In July, Tammy Godusi volunteered at the Johnston County Pet Adoption Center in Smithfield. A frequent volunteer with animals at the Wake County SPCA, Godusi and others from Johnston County wanted to help close to home.
But she was astonished to find the animals poorly cared for and many chronically ill. Dogs weren’t being walked. They were only watered twice each day. There were several caged dogs in small rooms.
“From what we were told, it was a staffing issue,” Godusi said.
It was clear volunteers were needed to help.
But for the past several months, volunteers have been kept out of the facility.
“They shut the door in our face,” Godusi said.
They were told the facility was being renovated and couldn’t allow the volunteers in. One month became two and two became three. Godusi and other volunteers became very upset, knowing the animals at the center wouldn’t get the care they needed.
The volunteers went to the Johnston County Manager’s office for help and got the community involved. Godusi went before the County Commissioners in early November and had more than 500 names on a petition to open the center to helpers.
Finally, nearly six months later, volunteers are welcome in the center once again. The volunteer program was reinstated last week.
“We worked very hard to get this,” she said. “It takes a community for this to be successful.”
The challenges aren’t over yet. Godusi said nearly 50 percent of the dogs at the center are euthanized in a gas chamber because there’s not enough room for the animals. Johnston County also has a major overpopulation of cats.
Johnston County is one of less than 15 counties in the state still using the gas chamber instead of lethal injection.
“It just can’t be tolerated,” Godusi said.
Lethal injection isn’t much more expensive than the use of the gas chamber and many feel it is a more humane way of euthanizing an animal.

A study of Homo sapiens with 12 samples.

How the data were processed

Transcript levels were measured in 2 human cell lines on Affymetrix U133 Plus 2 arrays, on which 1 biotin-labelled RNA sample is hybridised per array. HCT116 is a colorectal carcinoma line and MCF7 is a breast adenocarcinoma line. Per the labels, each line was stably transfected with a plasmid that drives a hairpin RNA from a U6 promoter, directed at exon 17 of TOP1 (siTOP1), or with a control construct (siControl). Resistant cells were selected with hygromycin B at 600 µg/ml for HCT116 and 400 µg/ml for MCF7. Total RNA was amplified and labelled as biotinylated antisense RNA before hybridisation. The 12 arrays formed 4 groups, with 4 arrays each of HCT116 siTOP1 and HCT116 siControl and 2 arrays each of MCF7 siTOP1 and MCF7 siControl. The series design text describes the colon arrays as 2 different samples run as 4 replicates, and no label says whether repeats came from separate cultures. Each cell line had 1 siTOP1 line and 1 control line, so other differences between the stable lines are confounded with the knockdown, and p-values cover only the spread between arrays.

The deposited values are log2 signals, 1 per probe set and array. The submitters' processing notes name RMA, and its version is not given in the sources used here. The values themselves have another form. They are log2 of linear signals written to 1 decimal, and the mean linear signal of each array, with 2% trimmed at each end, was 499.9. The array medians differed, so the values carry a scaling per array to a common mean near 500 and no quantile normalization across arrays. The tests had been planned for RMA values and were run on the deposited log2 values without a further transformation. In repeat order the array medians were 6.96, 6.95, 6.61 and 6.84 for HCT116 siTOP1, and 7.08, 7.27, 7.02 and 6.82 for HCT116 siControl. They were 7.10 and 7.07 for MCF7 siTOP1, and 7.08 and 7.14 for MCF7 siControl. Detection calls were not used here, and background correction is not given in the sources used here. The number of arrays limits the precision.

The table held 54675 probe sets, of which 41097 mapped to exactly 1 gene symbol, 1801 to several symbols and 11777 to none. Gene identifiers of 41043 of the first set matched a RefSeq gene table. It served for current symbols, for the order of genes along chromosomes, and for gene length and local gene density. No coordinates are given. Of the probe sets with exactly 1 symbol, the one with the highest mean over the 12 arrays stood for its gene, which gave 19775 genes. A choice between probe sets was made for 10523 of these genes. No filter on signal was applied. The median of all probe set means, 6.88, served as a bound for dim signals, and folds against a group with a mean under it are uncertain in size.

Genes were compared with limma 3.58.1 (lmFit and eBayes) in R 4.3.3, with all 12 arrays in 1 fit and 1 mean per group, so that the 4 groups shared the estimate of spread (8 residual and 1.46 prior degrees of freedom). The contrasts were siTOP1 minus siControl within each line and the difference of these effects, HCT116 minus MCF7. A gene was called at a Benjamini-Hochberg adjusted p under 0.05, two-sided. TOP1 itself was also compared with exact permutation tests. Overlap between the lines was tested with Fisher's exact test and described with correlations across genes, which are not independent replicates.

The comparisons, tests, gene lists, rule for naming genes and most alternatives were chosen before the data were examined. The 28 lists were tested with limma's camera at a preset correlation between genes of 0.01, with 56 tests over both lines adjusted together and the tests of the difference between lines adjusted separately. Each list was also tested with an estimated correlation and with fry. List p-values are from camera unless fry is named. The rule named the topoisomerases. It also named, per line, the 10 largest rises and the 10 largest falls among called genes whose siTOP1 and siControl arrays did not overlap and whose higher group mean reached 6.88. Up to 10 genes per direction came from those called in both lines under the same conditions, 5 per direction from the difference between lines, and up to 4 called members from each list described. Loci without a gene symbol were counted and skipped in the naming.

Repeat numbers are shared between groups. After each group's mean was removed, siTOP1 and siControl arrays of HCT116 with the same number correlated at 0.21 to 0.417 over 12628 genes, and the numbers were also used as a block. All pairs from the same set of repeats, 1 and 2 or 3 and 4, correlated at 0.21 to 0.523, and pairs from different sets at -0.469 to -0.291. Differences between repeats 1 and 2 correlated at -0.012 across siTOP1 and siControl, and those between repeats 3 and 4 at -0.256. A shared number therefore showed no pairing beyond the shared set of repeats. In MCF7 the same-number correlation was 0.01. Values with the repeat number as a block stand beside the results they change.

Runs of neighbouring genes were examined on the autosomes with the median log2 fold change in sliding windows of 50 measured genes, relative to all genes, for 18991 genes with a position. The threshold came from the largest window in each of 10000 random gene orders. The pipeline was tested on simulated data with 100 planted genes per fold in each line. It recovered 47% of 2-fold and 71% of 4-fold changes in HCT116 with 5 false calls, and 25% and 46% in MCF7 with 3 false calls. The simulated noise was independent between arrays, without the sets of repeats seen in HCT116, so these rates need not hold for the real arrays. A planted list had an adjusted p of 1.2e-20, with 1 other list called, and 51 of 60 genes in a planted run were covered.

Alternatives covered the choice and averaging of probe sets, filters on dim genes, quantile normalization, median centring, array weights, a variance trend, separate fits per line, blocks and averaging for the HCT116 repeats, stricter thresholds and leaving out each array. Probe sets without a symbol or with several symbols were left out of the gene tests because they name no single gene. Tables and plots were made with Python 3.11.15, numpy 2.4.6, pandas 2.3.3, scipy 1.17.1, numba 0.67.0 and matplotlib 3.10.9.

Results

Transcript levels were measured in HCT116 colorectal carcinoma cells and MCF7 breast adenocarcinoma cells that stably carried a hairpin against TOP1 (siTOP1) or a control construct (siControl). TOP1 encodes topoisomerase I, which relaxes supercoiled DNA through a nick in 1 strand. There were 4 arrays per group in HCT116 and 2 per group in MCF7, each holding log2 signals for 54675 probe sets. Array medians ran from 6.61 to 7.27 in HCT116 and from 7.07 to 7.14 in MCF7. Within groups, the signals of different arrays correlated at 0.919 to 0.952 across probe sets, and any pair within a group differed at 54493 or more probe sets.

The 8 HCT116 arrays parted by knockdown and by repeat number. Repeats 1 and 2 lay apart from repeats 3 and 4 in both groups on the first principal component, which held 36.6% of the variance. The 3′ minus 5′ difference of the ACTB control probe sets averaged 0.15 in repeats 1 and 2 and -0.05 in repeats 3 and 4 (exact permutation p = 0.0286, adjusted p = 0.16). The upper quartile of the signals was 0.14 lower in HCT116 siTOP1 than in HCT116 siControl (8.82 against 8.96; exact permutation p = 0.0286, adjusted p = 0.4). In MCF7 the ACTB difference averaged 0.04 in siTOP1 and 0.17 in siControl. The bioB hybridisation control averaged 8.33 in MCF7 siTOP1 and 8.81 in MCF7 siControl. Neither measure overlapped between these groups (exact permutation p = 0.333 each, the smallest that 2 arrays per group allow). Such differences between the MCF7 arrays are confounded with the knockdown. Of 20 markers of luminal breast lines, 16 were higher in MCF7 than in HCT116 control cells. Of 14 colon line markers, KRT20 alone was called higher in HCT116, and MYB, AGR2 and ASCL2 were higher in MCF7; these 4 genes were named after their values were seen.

The county said a license had been applied for three years ago to use lethal injection, which the volunteers found was unfounded. The county came back and changed its story, saying it was an oversight.
“We don’t care at this point,” Godusi said. “We just want it to stop.”
On top of the euthanization issues, the center hasn’t had an aggressive adoption promotion. The center uses petfinder.com; however, there’s little else done to promote the animals.
Adoption times are Monday through Friday from 1 to 4:30 p.m., when most people are working.
And, Godusi said, many people don’t even know the center exists. She hopes the rebirth of the volunteer program will bring awareness and plenty of forever homes for animals in need.
Anyone wanting to volunteer can obtain an application at the Johnston County Pet Adoption Center or by contacting Tammy Godusi at firstname.lastname@example.org. The center is located at 115 Shelter Way in Smithfield.
Volunteer opportunities include dog walkers, cuddlers, bathers, cat socializers and front desk helpers.
“Everything is geared toward getting (the animals) adoptable,” Godusi said.
Contact Kelly Griffith at email@example.com or 919-552-5675.